The Truth About Fracking
Hydraulic fracturing, also known as fracking, has been a staple in California’s energy production for decades, and Californians, especially those in Kern County, have greatly benefitted. For example:
- 71% of all oil production in California comes from Kern County.
- Oil and gas generates nearly $1B in state and local tax revenues.
- Nearly 366,000 good-paying California jobs are supported by this industry.
Despite the importance of this industry to Kern County and California, Governor Newsom and President Biden have made their intentions to eliminate oil and natural gas clear. Governor Newsom is planning to ban new hydraulic fracturing by 2024 and end all gas production in California by 2045, while President Biden has issued an Executive Order to “pause” new oil and natural gas lease sales on federal lands. The latter was recently enjoined by a federal court, and yesterday I led a letter to the Biden Administration calling for the immediate resumption of lease sales.
Newsom’s decision is also disturbing given that recent reports indicate that he is sharing inaccurate information regarding hydraulic fracturing’s significant role in oil production as a whole. He has repeatedly claimed that hydraulic fracturing “accounts for less than two percent of California oil production.”
However, various studies and even environmentalists suggest that the number is too low – fracking accounts for 16% to 25% of California’s total oil production. And of the oil produced from fracking, 97% comes from Kern County according to the Western States Petroleum Association.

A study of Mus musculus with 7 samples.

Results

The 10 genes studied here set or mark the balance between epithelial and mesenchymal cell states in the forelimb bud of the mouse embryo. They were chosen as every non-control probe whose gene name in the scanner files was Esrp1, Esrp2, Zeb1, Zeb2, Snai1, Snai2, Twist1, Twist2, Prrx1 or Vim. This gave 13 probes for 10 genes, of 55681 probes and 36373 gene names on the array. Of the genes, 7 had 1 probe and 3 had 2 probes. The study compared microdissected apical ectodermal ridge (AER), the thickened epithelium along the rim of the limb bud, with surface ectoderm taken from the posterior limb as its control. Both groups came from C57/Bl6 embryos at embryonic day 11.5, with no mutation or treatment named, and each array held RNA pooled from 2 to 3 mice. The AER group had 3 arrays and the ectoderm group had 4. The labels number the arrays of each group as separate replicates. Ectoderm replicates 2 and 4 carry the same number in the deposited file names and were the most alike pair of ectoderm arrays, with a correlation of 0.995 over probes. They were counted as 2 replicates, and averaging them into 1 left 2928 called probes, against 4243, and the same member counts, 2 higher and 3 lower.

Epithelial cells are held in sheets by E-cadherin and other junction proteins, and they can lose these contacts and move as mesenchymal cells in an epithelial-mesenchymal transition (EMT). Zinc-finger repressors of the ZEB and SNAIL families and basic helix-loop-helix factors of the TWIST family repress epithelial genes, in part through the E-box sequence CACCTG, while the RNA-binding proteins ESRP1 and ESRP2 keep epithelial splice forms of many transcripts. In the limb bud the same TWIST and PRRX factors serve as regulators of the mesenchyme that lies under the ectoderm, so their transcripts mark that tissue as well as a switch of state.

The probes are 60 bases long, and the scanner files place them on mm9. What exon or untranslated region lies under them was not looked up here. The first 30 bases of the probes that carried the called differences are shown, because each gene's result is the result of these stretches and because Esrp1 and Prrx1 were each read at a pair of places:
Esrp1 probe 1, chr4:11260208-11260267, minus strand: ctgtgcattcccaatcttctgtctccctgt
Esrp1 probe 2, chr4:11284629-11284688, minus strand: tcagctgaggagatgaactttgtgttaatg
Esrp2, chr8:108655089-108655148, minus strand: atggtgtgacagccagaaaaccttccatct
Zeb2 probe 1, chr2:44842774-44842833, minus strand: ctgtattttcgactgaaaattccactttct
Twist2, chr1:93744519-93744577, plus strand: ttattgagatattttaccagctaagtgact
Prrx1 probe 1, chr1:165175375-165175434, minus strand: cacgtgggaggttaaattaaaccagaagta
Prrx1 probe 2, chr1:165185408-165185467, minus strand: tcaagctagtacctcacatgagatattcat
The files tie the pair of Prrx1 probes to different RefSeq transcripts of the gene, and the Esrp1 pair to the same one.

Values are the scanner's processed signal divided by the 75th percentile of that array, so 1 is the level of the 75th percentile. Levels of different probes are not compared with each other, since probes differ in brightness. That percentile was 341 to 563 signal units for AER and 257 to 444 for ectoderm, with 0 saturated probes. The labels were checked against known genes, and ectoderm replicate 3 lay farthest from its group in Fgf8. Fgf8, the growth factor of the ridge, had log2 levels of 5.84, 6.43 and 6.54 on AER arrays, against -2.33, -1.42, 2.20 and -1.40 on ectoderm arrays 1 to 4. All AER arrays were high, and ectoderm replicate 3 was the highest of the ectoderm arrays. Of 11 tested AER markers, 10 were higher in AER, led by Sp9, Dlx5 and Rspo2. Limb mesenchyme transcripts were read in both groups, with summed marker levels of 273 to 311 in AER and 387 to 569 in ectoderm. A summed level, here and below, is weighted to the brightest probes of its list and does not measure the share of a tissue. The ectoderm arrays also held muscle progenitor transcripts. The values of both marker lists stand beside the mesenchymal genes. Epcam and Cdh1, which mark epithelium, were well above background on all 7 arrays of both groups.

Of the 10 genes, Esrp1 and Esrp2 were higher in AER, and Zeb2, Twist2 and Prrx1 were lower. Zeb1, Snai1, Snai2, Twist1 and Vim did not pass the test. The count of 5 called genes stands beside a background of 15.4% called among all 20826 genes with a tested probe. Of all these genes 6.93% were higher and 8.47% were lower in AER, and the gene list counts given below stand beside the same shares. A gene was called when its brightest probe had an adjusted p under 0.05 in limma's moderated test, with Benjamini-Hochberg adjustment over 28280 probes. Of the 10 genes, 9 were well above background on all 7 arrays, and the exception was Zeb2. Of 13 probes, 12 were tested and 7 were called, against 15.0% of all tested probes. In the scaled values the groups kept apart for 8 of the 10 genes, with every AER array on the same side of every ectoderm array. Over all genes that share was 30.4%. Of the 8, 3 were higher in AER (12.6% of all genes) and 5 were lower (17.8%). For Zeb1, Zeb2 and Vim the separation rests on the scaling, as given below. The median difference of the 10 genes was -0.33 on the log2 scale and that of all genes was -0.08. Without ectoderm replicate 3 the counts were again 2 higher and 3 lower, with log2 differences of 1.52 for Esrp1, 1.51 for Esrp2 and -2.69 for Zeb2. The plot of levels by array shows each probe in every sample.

In order to stave off bad policy that disproportionately affects our community, the Kern County Board of Supervisors voted to oppose Newsom’s fracking ban, calling it “an attack on the [oil and natural gas] industry.” Our local leaders continued their fight, sending a letter to the Newsom administration saying this proposal will adversely impact the County’s ability to provide responsibly developed energy needed for a “prosperous and clean California.”
The United States and California have some of the toughest environmental laws on the books, including State regulations specific to fracking. These myriad requirements – which are often onerous, duplicative, and drive up the cost of energy in our State – are designed to help ensure oil and natural gas produced in California respect our environment and air quality.
Rather than banning fracking or pausing new traditional energy production, producers should be allowed to develop the domestic energy resources that power our community, State, and nation consistent with current laws and regulations.
It would be in California’s, and especially Kern County’s, best interest to use our country’s natural resources in an environmentally respectful way, by Americans and for Americans, rather than rely on energy from foreign sources.